So how is the shape of the aircraft made? Well this is where we get into the Top
Secret stuff. In short, only government engineers and a privileged few know the
answer to that question. All we know is what I said to the left, that the “stealth
shape” is made to minimize right angles so when RF signals strike the aircraft surface
they are not reflected back to their source as seen below.
The last part that makes an aircraft stealthy to radar is what makes up the skin
of the aircraft. The radar absorbent material or RAM is a type of paint that absorbs
RF signals and effectively prevents them from going back to their source. Again,
the make up of RAM is also classified.
Modern stealth aircraft are undetectable in 5 main areas: visual, acoustic, heat,
infrared, and radar. In this site we will focus on the last area, radar. Making
up ninety percent of what makes an aircraft stealthy is its shape. Through a combination
of angles called planform shaping. American aerospace engineers began to research
and test these planform or stealth shapes as early as the late 1940’s but it was
not until the 1950’s when a little know book by a Russian physicist surfaced in the
United States that stealthy shapes were first derived and used. The book by Pyotr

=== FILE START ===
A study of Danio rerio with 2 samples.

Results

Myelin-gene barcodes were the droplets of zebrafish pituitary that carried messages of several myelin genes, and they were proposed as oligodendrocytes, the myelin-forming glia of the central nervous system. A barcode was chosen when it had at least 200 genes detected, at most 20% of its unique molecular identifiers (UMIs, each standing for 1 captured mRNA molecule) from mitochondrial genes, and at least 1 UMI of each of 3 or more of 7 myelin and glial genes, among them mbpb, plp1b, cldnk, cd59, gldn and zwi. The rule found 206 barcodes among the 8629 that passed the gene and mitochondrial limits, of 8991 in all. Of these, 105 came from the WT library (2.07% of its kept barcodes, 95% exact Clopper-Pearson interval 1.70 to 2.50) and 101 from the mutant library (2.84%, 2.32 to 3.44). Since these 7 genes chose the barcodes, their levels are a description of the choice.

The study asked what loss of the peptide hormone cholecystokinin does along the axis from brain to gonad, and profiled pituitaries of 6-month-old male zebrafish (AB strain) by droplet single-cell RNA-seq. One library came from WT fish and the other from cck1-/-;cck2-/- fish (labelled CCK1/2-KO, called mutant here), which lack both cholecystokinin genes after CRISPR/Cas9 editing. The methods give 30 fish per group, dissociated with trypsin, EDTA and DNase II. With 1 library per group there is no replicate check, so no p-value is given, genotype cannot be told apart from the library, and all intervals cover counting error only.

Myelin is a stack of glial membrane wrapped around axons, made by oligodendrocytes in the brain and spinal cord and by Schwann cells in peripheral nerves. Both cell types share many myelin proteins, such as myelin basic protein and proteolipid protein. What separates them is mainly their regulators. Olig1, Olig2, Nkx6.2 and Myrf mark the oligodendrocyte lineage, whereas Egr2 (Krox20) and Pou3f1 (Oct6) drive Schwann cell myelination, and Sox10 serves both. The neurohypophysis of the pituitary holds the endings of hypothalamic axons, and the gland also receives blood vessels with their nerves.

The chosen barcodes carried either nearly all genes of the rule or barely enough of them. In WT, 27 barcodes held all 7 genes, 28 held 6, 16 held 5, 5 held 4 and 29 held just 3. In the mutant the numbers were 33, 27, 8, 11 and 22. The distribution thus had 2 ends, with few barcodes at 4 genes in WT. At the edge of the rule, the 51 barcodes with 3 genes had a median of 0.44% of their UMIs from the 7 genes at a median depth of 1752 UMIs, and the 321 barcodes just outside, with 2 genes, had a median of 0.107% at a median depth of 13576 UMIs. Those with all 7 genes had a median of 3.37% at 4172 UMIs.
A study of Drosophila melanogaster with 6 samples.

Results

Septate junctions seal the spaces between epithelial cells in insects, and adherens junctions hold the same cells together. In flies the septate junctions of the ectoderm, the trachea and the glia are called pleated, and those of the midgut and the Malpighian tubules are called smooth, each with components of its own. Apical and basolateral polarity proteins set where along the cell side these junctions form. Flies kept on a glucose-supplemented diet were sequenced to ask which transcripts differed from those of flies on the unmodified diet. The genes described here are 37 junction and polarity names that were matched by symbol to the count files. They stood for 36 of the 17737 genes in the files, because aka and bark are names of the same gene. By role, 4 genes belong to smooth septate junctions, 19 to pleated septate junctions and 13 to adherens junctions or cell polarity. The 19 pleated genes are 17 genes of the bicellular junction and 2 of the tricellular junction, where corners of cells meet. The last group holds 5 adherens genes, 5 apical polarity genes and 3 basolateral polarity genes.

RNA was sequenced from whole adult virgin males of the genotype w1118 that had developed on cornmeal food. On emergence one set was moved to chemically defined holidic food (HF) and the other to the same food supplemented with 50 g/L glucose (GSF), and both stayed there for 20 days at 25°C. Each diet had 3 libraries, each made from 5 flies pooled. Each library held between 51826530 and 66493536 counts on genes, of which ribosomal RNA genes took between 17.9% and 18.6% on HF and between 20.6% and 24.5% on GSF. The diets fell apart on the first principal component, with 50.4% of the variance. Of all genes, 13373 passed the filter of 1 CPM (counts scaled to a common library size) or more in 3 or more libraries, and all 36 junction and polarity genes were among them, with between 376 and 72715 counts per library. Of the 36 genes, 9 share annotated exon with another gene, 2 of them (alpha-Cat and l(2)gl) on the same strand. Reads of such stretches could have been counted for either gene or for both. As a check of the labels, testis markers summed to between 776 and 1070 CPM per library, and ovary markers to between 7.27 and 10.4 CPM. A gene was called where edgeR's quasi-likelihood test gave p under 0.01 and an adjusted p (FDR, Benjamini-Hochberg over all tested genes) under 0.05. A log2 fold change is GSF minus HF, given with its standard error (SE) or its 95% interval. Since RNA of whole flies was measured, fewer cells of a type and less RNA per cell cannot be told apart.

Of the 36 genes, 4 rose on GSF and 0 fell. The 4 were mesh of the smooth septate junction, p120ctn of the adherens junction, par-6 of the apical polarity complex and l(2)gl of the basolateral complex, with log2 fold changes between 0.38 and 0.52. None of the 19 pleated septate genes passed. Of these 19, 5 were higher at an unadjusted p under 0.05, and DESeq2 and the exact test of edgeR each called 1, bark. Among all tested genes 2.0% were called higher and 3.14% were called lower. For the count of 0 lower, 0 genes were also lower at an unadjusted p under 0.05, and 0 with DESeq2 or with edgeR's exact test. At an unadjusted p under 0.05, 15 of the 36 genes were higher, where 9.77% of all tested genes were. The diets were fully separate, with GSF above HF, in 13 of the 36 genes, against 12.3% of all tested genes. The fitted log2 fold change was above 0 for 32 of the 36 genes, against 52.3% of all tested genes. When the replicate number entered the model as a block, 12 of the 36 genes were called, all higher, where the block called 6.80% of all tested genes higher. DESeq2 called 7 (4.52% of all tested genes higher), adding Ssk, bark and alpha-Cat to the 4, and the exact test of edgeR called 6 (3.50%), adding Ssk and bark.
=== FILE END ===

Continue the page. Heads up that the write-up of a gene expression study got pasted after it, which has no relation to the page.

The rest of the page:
Ufimtsev entitled "Method of Edge Waves In The Physical Theory of Diffraction" became
known by many aerospace engineers as the “Rosetta Stone” of the stealth shape. Ufimtsev
was able to provide calculations on how radio waves reflected off of different shapes.
Since radar, or RAdio Detection And Ranging, is an electromagnetic radio wave that
is emitted by a radar antenna. It was easy to apply Ufimtsev’s equations to radar.
Radar is used to identify the range, altitude, direction, or speed of, in this case,
an aircraft. To find these values a radar transmitter, transmits radio-frequency
(RF) radiation. The RF radiation is a high powered radio wave that is able to travel
great distances. It was found that when a radar wave strikes a 90 degree surface
they scatter and a fraction of them reflect back to the radar antenna. Using the
equation to the left, a radar system can then calculate the size of an object and
determine whether or not to display it as a threat or discard it as interference.
The way it determines what is interference is by the size of the object or in other
words what the so called radar cross-section (RCR) of the target is. A 747 has a
huge RCR and would light up a radar operator’s screen while a F-22 has a RCR of a
small bird and would be filtered out of most radar receivers as background noise.
Designers of stealth aircraft found that if they could change the surface of an
aircraft to reflect radar signals away from a radar receiver then they could make
an aircraft invisible to radar. This concept is clearly evident in the F-117 Nighthawk
and its very unique shape. See more in the “U.S. First Generation Designs” section.